Last summer, the Los Angeles Lakers entered free agency in search of a post player. Key bigs Jordan Hill, Ed Davis, and Carlos Boozer were all unlikely to return and the team had just passed on center Jahlil Okafor in the draft.
They pitched LaMarcus Aldridge, DeAndre Jordan, and Greg Monroe, but couldn’t get any of them to take their money. The Lakers then dueled with the New York Knicks over Robin Lopez, but ultimately lost out. Finally, just when it appeared that the Lakers would be left high and dry, GM Mitch Kupchak swung a trade with the Indiana Pacers to land former All-Star, Roy Hibbert.
Lakers fans, who were in a panic over the team’s lack of a center, could finally exhale.
Hibbert appeared to be a solid fit for Los Angeles. He had worn out his welcome with the Pacers, but was still considered one of the top rim protectors in the league. On a Lakers team with plenty of scoring but few lockdown defenders, a center with Roy’s skill set was a must.
In an ideal world, the 7’2” Hibbert would focus almost entirely on the defensive end of the court, using his length to deter attackers who had slipped past an aging Kobe Bryant and the very green trio of Julius Randle, Jordan Clarkson, and D’Angelo Russell.
Expectations heading into the season were high. After all, Hibbert was the backbone of a Pacers team that was considered to have the best chance at preventing LeBron James from super-friending his way into the Finals. Hibbert had nearly single-handedly created the verticality revolution, allowing centers to remain somewhat relevant in spite of rule changes catering towards guards.
Hibbert’s expiring deal also pays him nearly $16 million, which means that top-notch production was needed in order for him to live up to his paycheck.
Unfortunately, Hibbert’s lone season in Los Angeles has proven that the Pacers were correct in their conclusion that the new, pace-and-space NBA had lessened the impact of slow, plodding players.
Quite simply, the league had passed him by in just a few short years.
Big Roy has conclusively shown that he doesn’t have the mobility necessary to defend the pick-and-roll or switch onto perimeter players, something that is becoming a must in the NBA. Making matters worse, when adjusted for minutes played, his points, rebounds, and blocks are all at career-low levels, and opposing teams are taking advantage of him.
Last week, the Phoenix Suns used Hibbert’s presence to dismantle the Lakers from deep. With Tyson Chandler out of action, the Suns had little choice but to go small whenever center Alex Len was out, using power forwards Jon Leuer and Mirza Teletovic at the four and the five.
Teletovic and Leuer took turns torching Hibbert from the outside, who couldn’t get out to the three-point line fast enough to prevent the shot. Together, they shot 7-of-10 from deep and racked up 39 points.
On the other end of the floor, the Suns threw a few zones at the Lakers, knowing that Hibbert doesn’t have the offensive game to punish them for guarding him with a smaller player. On a few comical possessions, Brandon Knight wound up guarding Hibbert in the high post after a switch.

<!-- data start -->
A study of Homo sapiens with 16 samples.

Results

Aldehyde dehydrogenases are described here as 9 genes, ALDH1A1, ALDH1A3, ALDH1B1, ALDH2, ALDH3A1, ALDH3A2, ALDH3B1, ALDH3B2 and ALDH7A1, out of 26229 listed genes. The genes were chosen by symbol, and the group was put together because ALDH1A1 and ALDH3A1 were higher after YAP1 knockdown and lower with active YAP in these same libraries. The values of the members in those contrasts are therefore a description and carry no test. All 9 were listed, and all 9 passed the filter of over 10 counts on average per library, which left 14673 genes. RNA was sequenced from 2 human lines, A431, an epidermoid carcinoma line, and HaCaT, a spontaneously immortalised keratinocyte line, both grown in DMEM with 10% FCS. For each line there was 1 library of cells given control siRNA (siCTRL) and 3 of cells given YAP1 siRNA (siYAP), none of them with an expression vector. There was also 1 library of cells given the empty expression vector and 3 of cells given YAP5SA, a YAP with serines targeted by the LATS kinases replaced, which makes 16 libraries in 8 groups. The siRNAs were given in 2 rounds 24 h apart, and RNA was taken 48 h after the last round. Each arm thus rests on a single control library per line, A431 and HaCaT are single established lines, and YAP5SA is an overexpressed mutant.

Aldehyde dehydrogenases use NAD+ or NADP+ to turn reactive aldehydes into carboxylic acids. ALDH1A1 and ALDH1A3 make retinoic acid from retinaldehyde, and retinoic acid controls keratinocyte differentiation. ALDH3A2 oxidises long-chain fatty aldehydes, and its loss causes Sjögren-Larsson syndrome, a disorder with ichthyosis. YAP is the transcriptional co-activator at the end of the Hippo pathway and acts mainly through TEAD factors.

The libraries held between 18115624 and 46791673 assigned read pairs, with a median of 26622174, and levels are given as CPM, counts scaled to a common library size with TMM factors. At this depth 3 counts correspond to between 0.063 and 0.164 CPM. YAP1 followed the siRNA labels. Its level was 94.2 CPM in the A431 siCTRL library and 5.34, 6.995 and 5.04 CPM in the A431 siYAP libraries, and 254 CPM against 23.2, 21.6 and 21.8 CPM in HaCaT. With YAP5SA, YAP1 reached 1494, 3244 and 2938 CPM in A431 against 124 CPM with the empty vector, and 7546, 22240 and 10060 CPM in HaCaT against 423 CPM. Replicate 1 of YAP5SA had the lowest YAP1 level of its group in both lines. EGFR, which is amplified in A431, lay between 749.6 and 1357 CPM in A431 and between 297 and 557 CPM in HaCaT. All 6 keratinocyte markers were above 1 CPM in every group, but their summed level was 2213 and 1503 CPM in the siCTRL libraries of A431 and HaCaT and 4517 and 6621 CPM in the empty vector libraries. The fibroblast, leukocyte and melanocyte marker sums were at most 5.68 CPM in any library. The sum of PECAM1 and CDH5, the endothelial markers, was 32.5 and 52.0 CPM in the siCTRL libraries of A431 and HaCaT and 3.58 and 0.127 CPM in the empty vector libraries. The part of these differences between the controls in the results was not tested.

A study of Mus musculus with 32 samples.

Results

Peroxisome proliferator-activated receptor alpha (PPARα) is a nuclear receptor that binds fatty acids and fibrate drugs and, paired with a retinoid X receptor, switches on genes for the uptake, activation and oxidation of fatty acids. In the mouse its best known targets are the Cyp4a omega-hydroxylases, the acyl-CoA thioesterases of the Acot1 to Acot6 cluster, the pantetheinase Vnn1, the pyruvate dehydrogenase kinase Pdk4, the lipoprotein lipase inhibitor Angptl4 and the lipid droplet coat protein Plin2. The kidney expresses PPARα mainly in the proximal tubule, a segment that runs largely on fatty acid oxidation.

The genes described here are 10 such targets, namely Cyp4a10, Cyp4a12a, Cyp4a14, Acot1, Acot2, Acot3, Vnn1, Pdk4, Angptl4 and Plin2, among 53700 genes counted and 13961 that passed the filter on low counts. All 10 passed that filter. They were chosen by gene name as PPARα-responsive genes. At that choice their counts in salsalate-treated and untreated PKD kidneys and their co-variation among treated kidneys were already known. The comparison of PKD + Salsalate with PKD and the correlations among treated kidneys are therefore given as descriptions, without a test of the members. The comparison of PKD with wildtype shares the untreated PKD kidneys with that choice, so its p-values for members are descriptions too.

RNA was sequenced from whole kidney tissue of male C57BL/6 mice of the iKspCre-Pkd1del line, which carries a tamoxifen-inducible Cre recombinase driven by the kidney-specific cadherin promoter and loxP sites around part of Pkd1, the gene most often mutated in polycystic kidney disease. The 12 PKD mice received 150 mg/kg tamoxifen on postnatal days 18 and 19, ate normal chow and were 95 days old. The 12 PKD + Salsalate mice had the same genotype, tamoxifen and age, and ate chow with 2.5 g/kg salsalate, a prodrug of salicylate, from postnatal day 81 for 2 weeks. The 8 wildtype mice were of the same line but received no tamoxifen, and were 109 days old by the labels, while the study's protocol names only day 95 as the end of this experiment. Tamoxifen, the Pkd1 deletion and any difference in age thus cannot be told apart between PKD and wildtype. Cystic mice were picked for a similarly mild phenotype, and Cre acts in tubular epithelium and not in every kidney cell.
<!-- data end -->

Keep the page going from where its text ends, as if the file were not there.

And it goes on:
The height difference of nearly a foot was certainly noticeable, but even so, Hibbert was unable to generate anything positive. The Suns stayed at home rather than doubling, knowing that allowing Hibbert to stumble into creating his own shot (even against a much smaller player) is preferable to leaving a shooter open.
Of course, these sorts of problems are tolerable if Hibbert is making up for it by turning the paint into a no-fly zone. At one point, he was one of the most feared defenders in the league, and finishing any shot near the rim was a daunting prospect.
For the Lakers, though, Hibbert’s rim protection has been a disappointment. Opponents are now shooting nearly 59 percent within six feet of the basket against Hibbert, a stark contrast from the 44.6 percent that he gave up during his last All-Star season in 2013-2014.
By comparison, seldom-used Tarik Black allows opponents to shoot just over 60 percent from within six feet, while providing greater lateral quickness to help handle the pick-and-roll.
One would expect the difference between Black and Hibbert to be much more pronounced since Black is five inches shorter and makes just under $15 million less.
In fact, if the Lakers were solely concerned with rim protection, Robert Sacre actually leads the team in defensive field goal percentage at the rim at just over 54 percent, although he has the smallest sample size of the three and has the same quickness issues that Hibbert does.
It also has to be noted that, as the starting center, Hibbert is often matched up against the other team’s best finishers, which could account for some of the discrepancy between his numbers and those produced by reserves like Black and Sacre.
The Lakers porous perimeter defense also helps explain some of the drop seen in Hibbert’s stats compared to his days in Indiana. As bad as the numbers look, there are some legitimate reasons for them.
Still, the point remains: most of Roy Hibbert’s value stems from his rim protection, and he isn’t nearly as good at it as he used to be.
None of this is to say that Hibbert is a bad guy. By all accounts, he has been an excellent presence in the locker room and a mentor for the young Lakers. He just isn’t a starting-caliber center anymore.
On a much cheaper deal, Hibbert still has a role in the NBA off the bench, where he can help neutralize other bigs who prefer to stay in the paint. He is still something of a deterrent at the rim, but his skills in that area no longer justify paying him top dollar.
As much as the Lakers have enjoyed having Hibbert around this season, it appears that he will need to drastically lower his expectations prior to this summer’s free agency period if he hopes to make his time in Los Angeles anything more than a stop over.